Anastasia Tsioulcas writes at NPR Music for “Deceptive Cadence” (http://www.npr.org/blogs/deceptivecadence). Widely published as a writer on both classical and world music, she is the former North America editor for Gramophone Magazine and the classical music columnist for Billboard. She has also been an on-air contributor to many public radio programs, including WNYC’s Soundcheck, Minnesota Public Radio’s The Savvy Traveler, Public Radio International’s Weekend America, and the BBC’s The World.
Three documentaries up for Academy Awards Sunday place musicians front and center — and trace the profound impact that music-making has on the trajectories of their lives.
All three films are stunning and as distinctive as the personalities they illuminate: the 109-year-old Holocaust survivor and pianist profiled in the short The Lady in Number 6: Music Saved My Life; the songwriter turned revolutionary of The Square; and the backup singers who step forward in 20 Feet from Stardom.
As it happens, Alice Herz-Sommer, the ebullient pianist who is the subject of director Malcolm Clark and producer Nick Reed's profoundly moving short The Lady in Number 6, died Sunday at the age of 110. Classical aficionados will be stunned to learn just how prodigiously talented this Prague-born artist was in her prime. Born in 1903 to a family who was friendly with both Kafka and Mahler, Herz-Sommer was a student of Artur Schnabel. Both her mother and her husband died in Auschwitz; she and her son, Raphael, were sent off to the infamous Terezín camp.
Herz-Sommer recalls in the film that while in Terezín, she played more than 100 concerts, including the complete Chopin etudes from memory. Her son, who grew up to be a respected professional cellist, was one of the children who performed in fellow prisoner Hans Krása's opera Brundibár at Terezin. Music by composers like Bach and Beethoven sustained her — and perhaps nourished her incredible optimism and sublime grace, even to the point of forgiving the unforgivable. We learn that one of her oft-repeated phrases was "Music saved my life and music saves me still."
Politics, fear and music intersect in a very different way in Jehane Noujaim's extraordinary Al midan (The Square), a chronicle of the Egyptian revolution and the country's continuing struggles, beginning at the movement's roots at Tahrir Square in early 2011 through mid-2013. The film is being shown on both official and illegal platforms all around the world right now. This week, for example, it's on large screens in the streets of Kiev.
Though he isn't one of the primary subjects of Noujaim's film, songwriter Ramy Essam is prominently featured in her account. A little-known singer and guitarist before the revolution, the 23-year-old quickly became one of the uprising's most familiar voices and faces, both inside and outside Egypt. In March 2011, Morning Edition host Steve Inskeep visited Essam in Cairo; last summer, the British label World Music Network released a whole disc of his music.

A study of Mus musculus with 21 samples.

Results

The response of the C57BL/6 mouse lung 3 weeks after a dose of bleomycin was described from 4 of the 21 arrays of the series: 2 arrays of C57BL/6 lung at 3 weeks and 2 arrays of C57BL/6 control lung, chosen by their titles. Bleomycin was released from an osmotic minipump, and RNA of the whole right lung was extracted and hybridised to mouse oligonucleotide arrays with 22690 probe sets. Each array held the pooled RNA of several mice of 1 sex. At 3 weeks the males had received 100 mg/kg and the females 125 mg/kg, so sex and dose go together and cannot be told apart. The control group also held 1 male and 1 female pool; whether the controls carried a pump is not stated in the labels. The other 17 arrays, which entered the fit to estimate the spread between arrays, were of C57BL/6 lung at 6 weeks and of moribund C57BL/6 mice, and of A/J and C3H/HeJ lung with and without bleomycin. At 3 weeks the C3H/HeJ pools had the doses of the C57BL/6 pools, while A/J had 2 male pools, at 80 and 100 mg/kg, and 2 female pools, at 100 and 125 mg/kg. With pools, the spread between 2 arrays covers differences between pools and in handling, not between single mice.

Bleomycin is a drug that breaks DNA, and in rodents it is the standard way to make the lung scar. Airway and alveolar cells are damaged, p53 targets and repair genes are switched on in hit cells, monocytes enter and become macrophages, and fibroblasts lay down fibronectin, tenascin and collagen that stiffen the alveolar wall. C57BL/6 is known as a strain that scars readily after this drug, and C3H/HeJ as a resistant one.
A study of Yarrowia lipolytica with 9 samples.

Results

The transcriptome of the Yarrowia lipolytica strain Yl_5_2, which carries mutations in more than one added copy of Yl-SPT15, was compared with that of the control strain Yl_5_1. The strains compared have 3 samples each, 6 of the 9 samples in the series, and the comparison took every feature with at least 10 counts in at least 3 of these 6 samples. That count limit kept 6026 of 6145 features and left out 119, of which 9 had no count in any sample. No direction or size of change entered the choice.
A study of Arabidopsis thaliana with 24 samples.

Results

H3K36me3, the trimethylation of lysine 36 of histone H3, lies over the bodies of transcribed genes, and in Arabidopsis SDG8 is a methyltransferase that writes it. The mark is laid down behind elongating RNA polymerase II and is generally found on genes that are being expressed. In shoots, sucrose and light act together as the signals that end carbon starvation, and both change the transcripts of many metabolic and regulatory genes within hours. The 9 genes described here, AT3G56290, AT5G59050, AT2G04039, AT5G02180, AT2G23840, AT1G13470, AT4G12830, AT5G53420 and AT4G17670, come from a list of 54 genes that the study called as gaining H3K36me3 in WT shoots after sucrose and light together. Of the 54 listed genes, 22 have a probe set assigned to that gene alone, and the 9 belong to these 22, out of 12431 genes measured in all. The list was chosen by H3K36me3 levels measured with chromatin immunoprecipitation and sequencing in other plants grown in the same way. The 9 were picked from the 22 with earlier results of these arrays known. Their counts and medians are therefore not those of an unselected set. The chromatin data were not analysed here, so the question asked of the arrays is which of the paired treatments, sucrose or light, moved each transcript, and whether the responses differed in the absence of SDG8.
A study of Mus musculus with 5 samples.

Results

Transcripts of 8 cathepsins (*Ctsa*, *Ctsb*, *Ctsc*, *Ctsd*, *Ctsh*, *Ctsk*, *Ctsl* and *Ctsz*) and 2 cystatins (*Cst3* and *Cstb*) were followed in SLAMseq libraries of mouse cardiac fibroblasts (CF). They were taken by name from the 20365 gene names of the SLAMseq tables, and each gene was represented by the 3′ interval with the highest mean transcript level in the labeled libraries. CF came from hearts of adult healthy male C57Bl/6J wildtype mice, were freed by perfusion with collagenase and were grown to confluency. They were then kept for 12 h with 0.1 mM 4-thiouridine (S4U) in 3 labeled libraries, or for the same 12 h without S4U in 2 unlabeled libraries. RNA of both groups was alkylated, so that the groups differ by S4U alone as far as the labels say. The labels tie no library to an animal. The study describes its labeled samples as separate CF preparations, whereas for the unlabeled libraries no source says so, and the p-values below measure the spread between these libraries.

In The Square, we see that Essam's activism and popularity have come at a significant price. A scene of the singer ebulliently leading the protesters when then-President Hosni Mubarak stepped down shifts to the shock of what happened a few weeks later. We see Essam lying on a bed, his back covered with welts and open cuts. He says he was arrested by soldiers and hired thugs, who took him to the National Museum and tortured him. (Inskeep's report includes more information about the attack on Essam.) But in short order, there is Essam in front of the crowds again, singing sardonically, "When all your work is for nothing, because only the corrupt get ahead ... because your country is a 'democracy.'" And the crowd is singing, word for word, right along with him.
The third documentary is much more explicitly focused on musicians and the business of music — but it's heartbreaking in its own way. 20 Feet from Stardom pays loving and far overdue tribute to a number of fantastically talented backup singers, from the legendary Darlene Love to 29-year-old Judith Hill, who's been spending the past few years trying to break out on her own. These are, as one of the singers puts it, the ones who "sing the hooks" that make countless tunes so iconic, from Merry Clayton's appearance on the Rolling Stones' "Gimme Shelter" to David Bowie's "Young Americans" (which includes Luther Vandross, who also arranged the backup vocals).
But inasmuch as each artist frames her or his struggles to get recognition, 20 Feet doesn't shy away from outlining a larger narrative, pointing out that these backup singers are mostly black and mostly female — and that the sound that the mostly white producers and big-name artists were (and are) seeking very much stems from African-American music. So while 20 Feet from Stardom isn't explicitly political in the way of The Square, it offers its own dose of food for thought.